DOWN-TO-EARTH DUO The simple set enhances the nostalgic feel of the brothers’ interactions KEEGANTHEATER.COM
DOWN-TO-EARTH DUO The simple set enhances the nostalgic feel of the brothers’ interactions

As I patiently awaited show time in the Keegan Theatre, I came to a strange realization: The audience members directly around me all had Irish accents, and “bloke” was being tossed around with an unusual frequency. Had I unknowingly stumbled into an Irish-exclusive club meeting? Was I really doing a theater review  for the guide or was I being punk’d? Not this time, but the eclectic audience reflected the content of “A Couple of Blaguards,” an autobiographical, humor-packed depiction of two Irish brothers.

“A Couple of Blaguards” is a two-man comedy written by brothers Frank (author of Angela’s Ashes) and MalachyMcCourt. Drawing from their own experiences, the brothers first explore the trials of growing up poor in Limerick, Ireland. Never leaving time for a dull moment, they reminisce about everything from religion to family to Irish culture. The second act switches focus to the brothers’ struggles with jobs and women after immigrating to America. While many of  the play’s topics deal with the trials of human experience, stories of poverty and death are routinely balanced with the perfect amount of humor. The story is relatable and hysterical all at once.

The plot of “Blaguards” progresses in a series of vignettes. The two actors impersonate everyone from priests to grandmothers, quickly switching from character to character. These hilarious portrayals, partnered with the script’s quick wit, make “Blaguards” the perfect comedy. In the two-hour production, it was rare for three minutes to pass without the audience bursting into laughter.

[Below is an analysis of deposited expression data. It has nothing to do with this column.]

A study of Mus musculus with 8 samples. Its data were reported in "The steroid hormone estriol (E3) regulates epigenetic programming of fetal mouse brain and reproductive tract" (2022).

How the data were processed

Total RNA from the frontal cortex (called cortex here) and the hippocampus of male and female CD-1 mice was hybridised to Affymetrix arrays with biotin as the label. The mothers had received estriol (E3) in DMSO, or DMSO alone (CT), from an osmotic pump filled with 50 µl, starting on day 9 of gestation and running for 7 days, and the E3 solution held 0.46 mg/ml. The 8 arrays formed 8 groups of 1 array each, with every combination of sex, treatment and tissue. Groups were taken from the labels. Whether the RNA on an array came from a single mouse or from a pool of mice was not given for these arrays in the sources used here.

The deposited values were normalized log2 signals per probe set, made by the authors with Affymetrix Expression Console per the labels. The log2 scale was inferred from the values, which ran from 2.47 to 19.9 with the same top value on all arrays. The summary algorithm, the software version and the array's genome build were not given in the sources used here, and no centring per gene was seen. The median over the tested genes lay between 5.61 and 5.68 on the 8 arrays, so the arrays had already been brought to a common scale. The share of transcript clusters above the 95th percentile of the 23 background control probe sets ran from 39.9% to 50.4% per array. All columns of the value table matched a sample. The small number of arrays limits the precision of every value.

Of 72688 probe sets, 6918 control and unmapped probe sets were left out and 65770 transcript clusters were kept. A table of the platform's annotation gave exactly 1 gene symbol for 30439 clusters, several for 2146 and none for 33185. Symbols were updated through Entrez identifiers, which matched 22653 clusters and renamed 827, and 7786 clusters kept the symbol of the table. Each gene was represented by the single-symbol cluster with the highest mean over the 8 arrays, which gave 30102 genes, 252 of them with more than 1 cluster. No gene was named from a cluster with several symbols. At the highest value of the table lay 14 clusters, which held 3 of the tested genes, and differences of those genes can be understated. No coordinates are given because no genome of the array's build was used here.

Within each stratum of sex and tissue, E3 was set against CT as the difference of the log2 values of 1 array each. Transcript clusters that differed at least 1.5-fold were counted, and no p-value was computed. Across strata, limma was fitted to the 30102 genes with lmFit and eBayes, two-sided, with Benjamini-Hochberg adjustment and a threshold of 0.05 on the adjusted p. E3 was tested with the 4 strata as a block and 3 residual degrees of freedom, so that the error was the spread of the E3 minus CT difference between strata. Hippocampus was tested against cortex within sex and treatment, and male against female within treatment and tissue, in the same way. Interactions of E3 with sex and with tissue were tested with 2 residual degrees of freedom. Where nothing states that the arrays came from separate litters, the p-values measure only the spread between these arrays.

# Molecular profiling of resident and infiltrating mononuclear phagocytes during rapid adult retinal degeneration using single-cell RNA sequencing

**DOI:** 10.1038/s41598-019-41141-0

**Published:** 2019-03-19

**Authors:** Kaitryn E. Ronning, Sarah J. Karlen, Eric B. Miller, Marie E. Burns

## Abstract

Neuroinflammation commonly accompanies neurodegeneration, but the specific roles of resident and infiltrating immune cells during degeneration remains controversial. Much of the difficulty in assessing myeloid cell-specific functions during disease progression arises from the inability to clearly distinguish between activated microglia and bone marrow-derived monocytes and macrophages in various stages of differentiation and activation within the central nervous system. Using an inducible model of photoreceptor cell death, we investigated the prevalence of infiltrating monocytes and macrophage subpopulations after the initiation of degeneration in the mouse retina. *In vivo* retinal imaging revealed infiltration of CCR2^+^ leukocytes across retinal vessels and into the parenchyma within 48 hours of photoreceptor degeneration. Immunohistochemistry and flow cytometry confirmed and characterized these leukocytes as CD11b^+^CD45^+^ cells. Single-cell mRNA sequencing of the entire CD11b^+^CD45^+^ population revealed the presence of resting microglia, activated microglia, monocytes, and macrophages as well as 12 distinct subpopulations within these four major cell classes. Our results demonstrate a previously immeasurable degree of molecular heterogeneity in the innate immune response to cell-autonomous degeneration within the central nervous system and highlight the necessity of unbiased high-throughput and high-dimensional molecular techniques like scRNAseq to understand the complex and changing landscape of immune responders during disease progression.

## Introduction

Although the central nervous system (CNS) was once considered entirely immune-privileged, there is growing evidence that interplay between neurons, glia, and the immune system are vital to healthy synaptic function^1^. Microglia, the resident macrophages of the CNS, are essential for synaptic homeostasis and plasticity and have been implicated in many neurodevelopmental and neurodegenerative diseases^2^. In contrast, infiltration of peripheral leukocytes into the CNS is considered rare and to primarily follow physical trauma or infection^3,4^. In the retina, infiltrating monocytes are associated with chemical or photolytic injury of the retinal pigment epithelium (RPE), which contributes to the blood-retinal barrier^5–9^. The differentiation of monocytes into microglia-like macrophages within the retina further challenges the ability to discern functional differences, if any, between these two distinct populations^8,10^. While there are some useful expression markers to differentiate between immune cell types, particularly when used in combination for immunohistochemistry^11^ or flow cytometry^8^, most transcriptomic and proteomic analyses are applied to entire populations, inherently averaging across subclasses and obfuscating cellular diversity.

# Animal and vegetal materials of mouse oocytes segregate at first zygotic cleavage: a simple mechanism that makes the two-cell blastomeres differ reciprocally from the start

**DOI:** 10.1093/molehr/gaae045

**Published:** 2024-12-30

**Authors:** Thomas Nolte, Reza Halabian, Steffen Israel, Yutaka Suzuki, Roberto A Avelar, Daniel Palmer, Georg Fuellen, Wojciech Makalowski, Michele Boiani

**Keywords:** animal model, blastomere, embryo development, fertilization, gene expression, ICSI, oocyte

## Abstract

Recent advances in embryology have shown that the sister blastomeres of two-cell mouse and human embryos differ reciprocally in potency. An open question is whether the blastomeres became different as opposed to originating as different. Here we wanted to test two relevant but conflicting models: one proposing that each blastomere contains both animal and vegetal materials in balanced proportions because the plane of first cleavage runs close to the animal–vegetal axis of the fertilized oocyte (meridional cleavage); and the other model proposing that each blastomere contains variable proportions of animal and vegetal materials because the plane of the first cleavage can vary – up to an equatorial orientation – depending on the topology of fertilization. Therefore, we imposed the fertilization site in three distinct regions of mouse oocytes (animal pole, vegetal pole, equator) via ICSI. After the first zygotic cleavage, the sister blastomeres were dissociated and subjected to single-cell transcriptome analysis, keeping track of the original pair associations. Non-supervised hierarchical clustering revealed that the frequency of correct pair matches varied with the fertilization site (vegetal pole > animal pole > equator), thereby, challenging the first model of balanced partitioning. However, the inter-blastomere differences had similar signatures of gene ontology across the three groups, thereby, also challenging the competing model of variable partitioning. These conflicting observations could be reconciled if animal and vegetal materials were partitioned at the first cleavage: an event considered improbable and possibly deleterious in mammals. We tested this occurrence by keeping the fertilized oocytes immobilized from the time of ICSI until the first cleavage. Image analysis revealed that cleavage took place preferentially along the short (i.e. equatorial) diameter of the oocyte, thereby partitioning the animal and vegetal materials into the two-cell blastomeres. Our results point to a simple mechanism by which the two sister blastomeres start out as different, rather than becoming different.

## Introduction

The production’s ambiance is essential for its success.  There is no flashy lighting or sound effects; the set is minimal. This simplicity adds a homey feel, or perhaps an Irish pub feel, in which to spend time reminiscing. “Blaguards” feels less like a production and more like brothers telling stories to old friends; it is casual and intimate. Suddenly, the audience is clapping along to Irish melodies and cheering the brothers on, and when the actors break character, you feel like you’re in on the joke.

You’ll laugh and then continue to laugh for so long that you’ll forget that you have no earthly idea what a “blaguard” is.  Venture down to Keegan Theatre in Dupont Circle to see the production, which continues through Oct. 14.